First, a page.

Herefordshire Probate Records
- 1 Getting Started
- 2 Herefordshire Probate Courts
- 3 Indexes to Probate Records
Probate is the legal court process by which the estate of a deceased person is distributed to his or her heirs. Probate records include wills and administrations. This article is about probate records in Herefordshire. For a general description of England probate records, click here.
1858 to the Present
Beginning in 1858, the Principal Probate Registry had the authority for probating estates. Click on the link to learn more.
Before 1858, Church of England ecclesiastical courts had authority for this process. To search for a pre-1858 probate record in Herefordshire, follow these steps:
Step 1. Search Indexes
Here are some online indexes to probate records that include individuals who lived in Herefordshire. Search these indexes first:
- http://www.familyhistoryonline.net/database/SussexFHGprobate.shtml -- compiled by the Sussex Family History Group which has transcribed the names of 12,300 individuals found in Sussex wills, including testators, executors, beneficiaries or witnesses. The information recorded includes name, date and place.
- The Sussex Record Society has published four volumes of indexes to Sussex wills, and these can be viewed on their website. They are arranged by parish then by surname.
- Prerogative Court of Canterbury wills (1384-1858).
Did you find a reference to a probate record?
- If yes, go to Step 4 below.
- If no, go to Step 2 below.
Step 2. Identify when and where your ancestor died
Determine when your ancestor died. If you aren't sure, use an approximate date.
Determine where your ancestor died. It is easier to find a probate record if you know whether the place where your ancestor lived or died is a parish. To learn whether it is a parish, look it up in a gazetteer. Here is a link to the 1872 Imperial Gazetteer of England and Wales online:
The gazetteer will either tell you:
- A place is a parish, or
- What parish it is a part of, or
- What place it is near.
If the latter, look that place up in the gazetteer and see if it is a parish.
Once you have identified the parish, go to Step 3.
Step 3. Identify court jurisdictions by parish
Once you have identified the parish where your ancestor lived or died, learn which courts had jurisdiction over it then search indexes for those courts. Every town and parish in Sussex fell under the probate jurisdiction of a primary court and several secondary courts. Click on a link below for the letter the parish begins with.
For a list of Herefordshire parishes and the pre-1858 courts that had probate jurisdiction over them, click on a letter link:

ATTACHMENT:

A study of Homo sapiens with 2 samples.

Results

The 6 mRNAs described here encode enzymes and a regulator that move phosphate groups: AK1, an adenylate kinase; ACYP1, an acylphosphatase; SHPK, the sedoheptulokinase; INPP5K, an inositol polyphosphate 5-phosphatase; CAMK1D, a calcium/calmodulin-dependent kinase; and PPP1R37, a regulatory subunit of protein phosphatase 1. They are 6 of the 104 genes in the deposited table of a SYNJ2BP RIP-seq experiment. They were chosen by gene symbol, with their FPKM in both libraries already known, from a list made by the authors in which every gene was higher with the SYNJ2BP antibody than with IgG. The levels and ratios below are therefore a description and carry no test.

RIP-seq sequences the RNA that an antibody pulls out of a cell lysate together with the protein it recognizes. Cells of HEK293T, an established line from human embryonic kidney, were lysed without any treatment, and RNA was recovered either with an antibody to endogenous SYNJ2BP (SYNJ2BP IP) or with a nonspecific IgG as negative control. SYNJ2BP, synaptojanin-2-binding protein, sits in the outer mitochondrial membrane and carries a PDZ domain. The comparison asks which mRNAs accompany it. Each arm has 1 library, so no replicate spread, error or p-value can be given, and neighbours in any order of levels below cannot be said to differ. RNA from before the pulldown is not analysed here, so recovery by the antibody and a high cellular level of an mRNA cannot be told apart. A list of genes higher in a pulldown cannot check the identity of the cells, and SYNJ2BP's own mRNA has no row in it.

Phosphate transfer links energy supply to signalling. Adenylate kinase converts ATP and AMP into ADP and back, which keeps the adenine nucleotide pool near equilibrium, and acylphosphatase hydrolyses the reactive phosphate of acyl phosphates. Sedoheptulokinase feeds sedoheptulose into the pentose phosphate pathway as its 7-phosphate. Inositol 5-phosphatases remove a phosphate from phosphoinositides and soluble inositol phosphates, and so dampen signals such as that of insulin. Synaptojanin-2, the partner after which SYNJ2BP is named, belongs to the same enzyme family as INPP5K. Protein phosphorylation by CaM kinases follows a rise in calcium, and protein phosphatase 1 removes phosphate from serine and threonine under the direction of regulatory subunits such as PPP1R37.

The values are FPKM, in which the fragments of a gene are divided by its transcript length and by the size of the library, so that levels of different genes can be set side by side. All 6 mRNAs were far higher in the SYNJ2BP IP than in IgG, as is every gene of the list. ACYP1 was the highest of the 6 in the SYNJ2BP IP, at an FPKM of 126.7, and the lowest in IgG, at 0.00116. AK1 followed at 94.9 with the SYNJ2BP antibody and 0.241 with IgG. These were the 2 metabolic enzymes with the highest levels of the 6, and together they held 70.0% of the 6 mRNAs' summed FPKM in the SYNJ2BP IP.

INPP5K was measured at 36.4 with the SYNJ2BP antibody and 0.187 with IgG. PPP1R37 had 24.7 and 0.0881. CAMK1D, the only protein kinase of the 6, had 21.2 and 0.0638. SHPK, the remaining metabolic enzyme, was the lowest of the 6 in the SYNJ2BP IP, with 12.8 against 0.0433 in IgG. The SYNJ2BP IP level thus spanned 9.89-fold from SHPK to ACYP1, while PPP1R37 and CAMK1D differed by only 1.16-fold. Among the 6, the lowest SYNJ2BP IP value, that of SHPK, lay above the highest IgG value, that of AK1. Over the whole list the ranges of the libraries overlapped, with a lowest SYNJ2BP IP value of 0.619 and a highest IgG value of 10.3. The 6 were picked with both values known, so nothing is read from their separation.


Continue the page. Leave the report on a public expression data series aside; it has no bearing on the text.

If you do not know the parish in which your ancestor died or held property, search the Court of the Bishop of Hereford (Episcopal Consistory) first.
Herefordshire Probate Courts
Before 1858, every town and parish in Herefordshire was under the probate jurisdiction of a primary ecclesiastical court and one or more secondary ecclesiastical courts. Most of Herefordshire was under the jurisdiction of the Court of the Bishop of Hereford (Episcopal Consistory). The majority of probate searches will be in the records of this court and its superior courts. However, the following courts also had some pre-1858 jurisdiction within the county. Click on a court name to learn about records and indexes.
- Court of the Bishop (Consistory) of the Dean of Hereford
- Court of the Archdeaconry of Breconshire
- Court of the Bishop of St. David's (Episcopal Consistory)
- Court of the Peculiar of Moreton Magna or Moreton on Lugg
- Court of the Peculiar of Upper Bullinghope or Upper Bullingham
- Court of the Peculiar of Little Hereford & Ashford Carbonell
In addition, the Prerogative Court of the Archbishop of Canterbury had jurisdiction over the whole of England and specifically in the following cases.
- Wealthy individuals
- Interregnum, 1649-1660, because the Prerogative Court was the only court.
- Property in more than one diocese in the Province of Canterbury.
- Property in both the Province of Canterbury and Province of York.
- People who died outside England, including British citizens and others who held property in England.
Any probate that was disputed and could not be settled by the county courts could be sent to these higher appeals courts:
The Prerogative Court of the Archbishop of Canterbury also served as an appeals court.
Indexes to Probate Records
In addition to the probate indexes listed below, indexes are also found with the records of the courts. Click on the court links above.
Probate Indexes Online
Before looking for a will, you should search an index.